Children should protest on weekends or after school rather than participating in tomorrow’s walkout over climate change, Opposition Leader Bill Shorten said.
Tomorrow thousands of students from across the country are expected to leave school to demonstrate against government inaction on global warming.
But Mr Shorten was not in favour of the school strike.
“Kids are allowed to have an opinion,” he told reporters in Melbourne this morning.
“In an ideal world, they would protest after school hours and on weekends.”
But he said it was “a bit rich for the government to lecture schoolkids”.
“This government’s been on strike about climate policy for the last five-and-a-half years,” he said.
“They’re really not the best role models for the kids on climate policy, are they?”
The protests will be held in the major capitals and dozens of regional centres, mostly around midday.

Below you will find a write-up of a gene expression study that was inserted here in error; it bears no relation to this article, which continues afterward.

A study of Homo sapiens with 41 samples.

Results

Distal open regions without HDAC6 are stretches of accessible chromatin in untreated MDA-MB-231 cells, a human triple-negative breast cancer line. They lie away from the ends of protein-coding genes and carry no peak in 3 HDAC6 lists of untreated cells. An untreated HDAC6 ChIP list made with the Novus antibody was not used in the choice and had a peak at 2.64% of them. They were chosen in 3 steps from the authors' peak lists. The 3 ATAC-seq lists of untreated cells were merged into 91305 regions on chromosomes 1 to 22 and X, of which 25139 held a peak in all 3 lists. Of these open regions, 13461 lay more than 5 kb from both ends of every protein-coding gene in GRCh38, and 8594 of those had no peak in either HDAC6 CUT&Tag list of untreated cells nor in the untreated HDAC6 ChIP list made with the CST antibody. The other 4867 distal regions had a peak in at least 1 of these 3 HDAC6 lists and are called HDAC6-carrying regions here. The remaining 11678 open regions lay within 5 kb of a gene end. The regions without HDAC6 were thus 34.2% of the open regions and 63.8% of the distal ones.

Yesterday NSW Opposition Leader Michael Daley offered his support to the student demonstrators.
“They do have a democratic right to assembly, they do have a right to protest,” he said.
“I support these young people and their action.”
But NSW Education Minister Rob Stokes wasn’t afraid to play truant officer.
“The law is clear and always has been, kids are required to be at school on school days,” he told 2GB.
“Around a fifth of the year, there is no school so there are plenty of occasions for kids that are passionate about a whole range of issues to engage in extracurricular activities.”
The protests were inspired by a 16-year-old schoolgirl named Greta Thunberg, who started the first school strike in Sweden in August last year.